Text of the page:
Patient access representatives and patient information coordinators are the first point of contact for patients in physicians’ offices and hospitals. They greet patients, schedule appointments, collect payments, and more. Contact center specialists work in our Consumer Contact Centers and schedule appointments, verify insurance, and answer after-hours calls. Each of these entry-level roles impacts our patients’ experiences and can be a great first step toward a rewarding, full-time health care career.
Learn how by following along with four UPMC employees who began their careers as patient access representatives!
“People will forget what you said, people will forget what you did, but people will never forget how you made them feel.” – Maya Angelo
By Cory Hahn, Senior Manager, Patient Access
How Small Beginnings Can Lead to Great Success
I began my UPMC journey as a student worker while I attended college. During my summer breaks, I worked in the revenue cycle, where I entered data into the UPMC Find a Doc files.
During my time as a student worker, I met a lot of great leaders and colleagues within the revenue cycle. Upon graduating, I wanted to continue to learn and develop as a revenue cycle employee, so I began to explore job opportunities.
My first full-time role within the revenue cycle was as a patient information coordinator within the floater pool. Throughout my UPMC journey, I have been fortunate to work for leaders who identify and acknowledge hard work and support the UPMC career ladder. Now, I’m a senior manager!
Throughout my UPMC journey, I have been fortunate to work for leaders who identify and acknowledge hard work and support the UPMC career ladder.
How I Make a Difference
The patient interaction is what I enjoyed most about my position as a patient information coordinator, and I strongly believe my time spent as a patient information coordinator created the foundation for my career trajectory.
I believe the quote “People will forget what you said, people will forget what you did, but people will never forget how you made them feel” relates directly to the work of a patient information coordinator. As a patient information coordinator, you are likely the first UPMC employee that the patient will interact with; you set the tone for the patient’s visit. Hospital visits can naturally cause anxiety for patients, and I have always taken pride in my ability to greet each patient with a smile and empathize to reduce stress.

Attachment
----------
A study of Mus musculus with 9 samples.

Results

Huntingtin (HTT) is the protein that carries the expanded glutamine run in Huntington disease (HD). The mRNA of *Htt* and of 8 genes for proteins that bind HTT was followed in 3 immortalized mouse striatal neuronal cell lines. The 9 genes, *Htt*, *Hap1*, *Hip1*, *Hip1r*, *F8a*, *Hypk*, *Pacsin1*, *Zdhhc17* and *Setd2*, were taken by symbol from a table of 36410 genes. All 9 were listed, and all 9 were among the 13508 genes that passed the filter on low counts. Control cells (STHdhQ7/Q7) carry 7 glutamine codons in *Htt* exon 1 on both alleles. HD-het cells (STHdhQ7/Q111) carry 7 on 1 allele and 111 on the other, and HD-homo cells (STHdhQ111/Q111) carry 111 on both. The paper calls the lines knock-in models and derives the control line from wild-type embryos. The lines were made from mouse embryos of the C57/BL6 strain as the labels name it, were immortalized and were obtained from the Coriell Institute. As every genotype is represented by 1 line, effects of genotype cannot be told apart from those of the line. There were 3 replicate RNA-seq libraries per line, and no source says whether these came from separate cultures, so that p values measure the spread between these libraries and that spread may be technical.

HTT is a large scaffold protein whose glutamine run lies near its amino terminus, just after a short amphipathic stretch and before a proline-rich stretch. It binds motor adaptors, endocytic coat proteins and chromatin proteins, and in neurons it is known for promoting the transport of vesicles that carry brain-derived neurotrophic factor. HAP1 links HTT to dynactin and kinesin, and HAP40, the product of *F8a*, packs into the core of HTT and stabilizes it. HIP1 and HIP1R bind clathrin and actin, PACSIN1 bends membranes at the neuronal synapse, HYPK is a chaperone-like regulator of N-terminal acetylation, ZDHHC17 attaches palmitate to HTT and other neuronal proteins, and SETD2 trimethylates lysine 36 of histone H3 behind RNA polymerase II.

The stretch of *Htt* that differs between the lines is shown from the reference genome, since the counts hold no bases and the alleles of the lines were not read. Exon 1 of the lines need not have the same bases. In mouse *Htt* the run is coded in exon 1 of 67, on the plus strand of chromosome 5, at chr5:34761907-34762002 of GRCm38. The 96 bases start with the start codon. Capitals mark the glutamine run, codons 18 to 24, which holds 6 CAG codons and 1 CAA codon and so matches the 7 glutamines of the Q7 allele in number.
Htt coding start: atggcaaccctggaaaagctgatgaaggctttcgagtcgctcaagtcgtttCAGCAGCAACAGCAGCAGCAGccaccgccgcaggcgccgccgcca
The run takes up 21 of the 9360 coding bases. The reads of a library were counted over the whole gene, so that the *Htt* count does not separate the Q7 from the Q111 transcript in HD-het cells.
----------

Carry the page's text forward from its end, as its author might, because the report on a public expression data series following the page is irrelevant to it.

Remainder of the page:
As a patient information coordinator, you are likely the first UPMC employee that the patient will interact with; you set the tone for the patient’s visit.
Experiencing the joy caused by such small tasks as providing a blanket to a cold patient or making coffee for a family member who has spent countless hours sitting with their loved one has always been the most rewarding part of the job.
How My Colleagues Helped Me Get Where I Am Today
Aside from patient interaction, the countless wonderful coworkers I have had the privilege to work with have been what’s made my UPMC experience. The UPMC core values help recruit employees who exhibit qualities such as caring and listening and dignity and respect.
I have worked with many great colleagues who have provided support throughout my career, and leadership has always taken time and provided a platform to discuss career development.
It is rewarding working in an industry that is driven by serving others.
It is rewarding working in an industry that is driven by serving others, and my goal is to continue to grow within the organization and learn as much as possible.
Join Our Patient Access Team
Cory isn’t the only one who’s shared his story about the possibilities of a patient access representative role. Read more from our patient access representative series and hear from others who know firsthand how a rewarding career awaits you at UPMC!